Ideology only furthers violence in Middle East
Over the past month, the Israel-Palestine conflict has made front page headlines on numerous occassions. This clash is one of the most polarizing topics in recent news and many, if not most, have already determined which side they support.
While I have been a staunch supporter of Palestine throughout much of the ordeal, a conversation with WLU professor Gavin Brockett in early December 2012 made me re-evaluate the entire conflict.
Initially, this article intended to condemn Israel for their actions against innocent Palestinian civilians.
While I still denounce their actions, I no longer intend to condemn one side or the other, but rather suggest that this issue is not as straightforward as many people would suggest.
The Israel-Palestine conflict is one of the most dividing debates on the current international stage and the clear disparity of these opinions has been continuously demonstrated on our campus.
Unfortunately, however, the immense division of belief, be it political or religious, is not constructive. To understand the debate surrounding this conflict, there is much context that is imperative to understand.
Since the Second World War the conflict between Israel and Palestine has raged on endlessly. While the conflict has had numerous periods of intense conflict and relative calm, the past five years have demonstrated a period of great tension.
Following the takeover of the Gaza Strip in 2007 by the Islamist political group Hamas, there has been a continual back and forth between Palestine and Israel.
These attacks however, have been initiated on numerous occasions by both sides, thereby making it impossible to condemn a single party.
Currently, there is a massive misunderstanding between both the Israelis and Palestinians. While it may be the goal of Hamas to destroy the Israeli state, this is not the objective of all Palestinians.
Unfortunately, it is difficult to determine the motivation behind Hamas’ most recent attacks; it is situations such as this that make the entire conflict even more difficult to understand.
As Brockett noted, bystanders must attempt to understand the mindset of both parties. He states that one must note the constant state of fear that both Israelis and Palestinians live under.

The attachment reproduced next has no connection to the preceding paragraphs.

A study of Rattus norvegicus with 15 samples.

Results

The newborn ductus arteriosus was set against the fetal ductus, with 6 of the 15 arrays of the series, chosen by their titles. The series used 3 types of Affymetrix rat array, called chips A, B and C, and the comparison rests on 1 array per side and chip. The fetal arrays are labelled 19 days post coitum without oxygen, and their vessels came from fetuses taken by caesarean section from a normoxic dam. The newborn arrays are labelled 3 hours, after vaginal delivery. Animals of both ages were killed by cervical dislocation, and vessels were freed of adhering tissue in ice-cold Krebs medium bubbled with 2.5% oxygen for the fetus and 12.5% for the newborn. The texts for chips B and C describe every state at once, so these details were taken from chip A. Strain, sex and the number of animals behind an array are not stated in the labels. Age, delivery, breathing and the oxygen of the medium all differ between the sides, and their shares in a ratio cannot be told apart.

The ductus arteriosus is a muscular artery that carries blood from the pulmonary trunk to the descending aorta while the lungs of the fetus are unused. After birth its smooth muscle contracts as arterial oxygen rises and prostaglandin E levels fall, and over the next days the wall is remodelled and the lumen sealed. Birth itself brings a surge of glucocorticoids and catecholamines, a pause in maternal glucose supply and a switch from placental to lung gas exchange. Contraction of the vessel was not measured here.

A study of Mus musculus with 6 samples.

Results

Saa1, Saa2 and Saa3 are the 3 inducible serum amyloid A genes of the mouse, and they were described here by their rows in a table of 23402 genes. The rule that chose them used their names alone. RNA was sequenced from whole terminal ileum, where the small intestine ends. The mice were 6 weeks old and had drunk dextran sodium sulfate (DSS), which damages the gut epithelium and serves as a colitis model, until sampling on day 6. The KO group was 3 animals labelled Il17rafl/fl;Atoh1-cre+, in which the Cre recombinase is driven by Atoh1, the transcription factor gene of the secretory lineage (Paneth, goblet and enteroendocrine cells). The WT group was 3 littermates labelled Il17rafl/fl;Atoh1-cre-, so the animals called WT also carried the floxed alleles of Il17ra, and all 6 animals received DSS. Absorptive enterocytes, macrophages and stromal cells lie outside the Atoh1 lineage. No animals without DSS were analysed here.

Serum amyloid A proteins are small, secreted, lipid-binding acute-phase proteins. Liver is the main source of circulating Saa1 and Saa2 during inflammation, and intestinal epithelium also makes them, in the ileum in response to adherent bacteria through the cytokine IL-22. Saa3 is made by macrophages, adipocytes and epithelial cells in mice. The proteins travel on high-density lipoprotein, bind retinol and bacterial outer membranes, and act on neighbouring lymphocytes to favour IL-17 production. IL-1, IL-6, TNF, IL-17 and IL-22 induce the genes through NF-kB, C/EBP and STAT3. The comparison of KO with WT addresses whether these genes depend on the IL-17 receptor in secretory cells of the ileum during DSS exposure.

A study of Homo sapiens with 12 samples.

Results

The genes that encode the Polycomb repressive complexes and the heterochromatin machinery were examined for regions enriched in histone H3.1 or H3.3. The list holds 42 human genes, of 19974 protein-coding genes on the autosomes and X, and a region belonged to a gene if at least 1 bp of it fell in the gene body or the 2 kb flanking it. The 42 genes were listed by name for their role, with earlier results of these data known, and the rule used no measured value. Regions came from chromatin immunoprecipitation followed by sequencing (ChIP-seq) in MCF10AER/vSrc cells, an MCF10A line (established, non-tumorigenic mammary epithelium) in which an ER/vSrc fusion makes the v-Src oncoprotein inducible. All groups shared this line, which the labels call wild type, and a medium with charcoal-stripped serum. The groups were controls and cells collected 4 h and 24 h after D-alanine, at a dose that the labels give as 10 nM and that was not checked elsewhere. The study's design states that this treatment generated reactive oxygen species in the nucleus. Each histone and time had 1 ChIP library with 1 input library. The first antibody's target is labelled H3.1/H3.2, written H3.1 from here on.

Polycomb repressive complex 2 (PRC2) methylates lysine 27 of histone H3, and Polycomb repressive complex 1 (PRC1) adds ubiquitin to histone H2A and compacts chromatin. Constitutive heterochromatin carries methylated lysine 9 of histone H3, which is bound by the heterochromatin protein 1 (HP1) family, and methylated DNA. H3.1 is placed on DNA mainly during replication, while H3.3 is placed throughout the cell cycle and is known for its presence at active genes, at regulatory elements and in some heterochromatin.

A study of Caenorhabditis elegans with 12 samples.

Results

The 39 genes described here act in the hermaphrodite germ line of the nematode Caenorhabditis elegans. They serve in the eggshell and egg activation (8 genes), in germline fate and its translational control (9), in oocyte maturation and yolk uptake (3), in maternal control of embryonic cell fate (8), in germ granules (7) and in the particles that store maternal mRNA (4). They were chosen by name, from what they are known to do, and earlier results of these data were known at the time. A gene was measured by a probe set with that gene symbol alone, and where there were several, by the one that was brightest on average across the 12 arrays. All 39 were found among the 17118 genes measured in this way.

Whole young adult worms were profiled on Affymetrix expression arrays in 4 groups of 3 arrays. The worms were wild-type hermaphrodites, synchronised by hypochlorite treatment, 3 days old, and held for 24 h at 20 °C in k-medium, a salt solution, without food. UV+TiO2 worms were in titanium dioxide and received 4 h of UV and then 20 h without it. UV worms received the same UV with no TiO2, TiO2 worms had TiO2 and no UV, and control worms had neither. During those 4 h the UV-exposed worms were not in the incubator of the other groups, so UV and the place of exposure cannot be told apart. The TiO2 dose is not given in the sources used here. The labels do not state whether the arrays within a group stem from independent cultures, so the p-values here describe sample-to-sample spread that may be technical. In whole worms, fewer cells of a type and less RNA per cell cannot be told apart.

For Israel, the political landscape in surrounding nations is disconcerting. Following the Iraqi attack on Israel in 1991, the nation has been in a constant state of alert.
As such, Israel is continually aware of the potential for attack from every nation, but from Palestine in particular.
This constant state of fear has led to what many would deem paranoia. Both the state and citizens are continually prepared to return fire, a mindsewt that is compounded after every attack.
Likewise, Palestinians are also in a continual state of fear, as Israel has become a trigger-happy nation.
Additionally, the advanced weaponry of the Israeli army has ever-increasing consequences. Hamas’ tendency to locate military depots in civilian areas has led to massive amounts of innocent civilian casualties.
Clearly, the mindset of both parties is one that reinforces itself. Each nation is in a continual state of fear, and senses the need to retaliate immediately.
Unfortunately, these reactions not only promote continued hatred and a lack of understanding, but cause physical destruction to properties and lives.
The current ideological polarization on campus mirrors this, as both groups appear as unwilling as the nations themselves to attempt to reach a mutual understanding.
The solutions to such problems are far from easy and I, personally, would have no idea where to begin. Indeed, as Brockett stated, “The problem may never be solved.”
Despite this, one thing is clear: the ignorance and loathing these groups display towards one another, be it on campus, or globally is destructive. It is time for the partisanship on this issue to stop.
While many may view politics as a game, this situation is not; innocent civilians continue to die on a daily basis.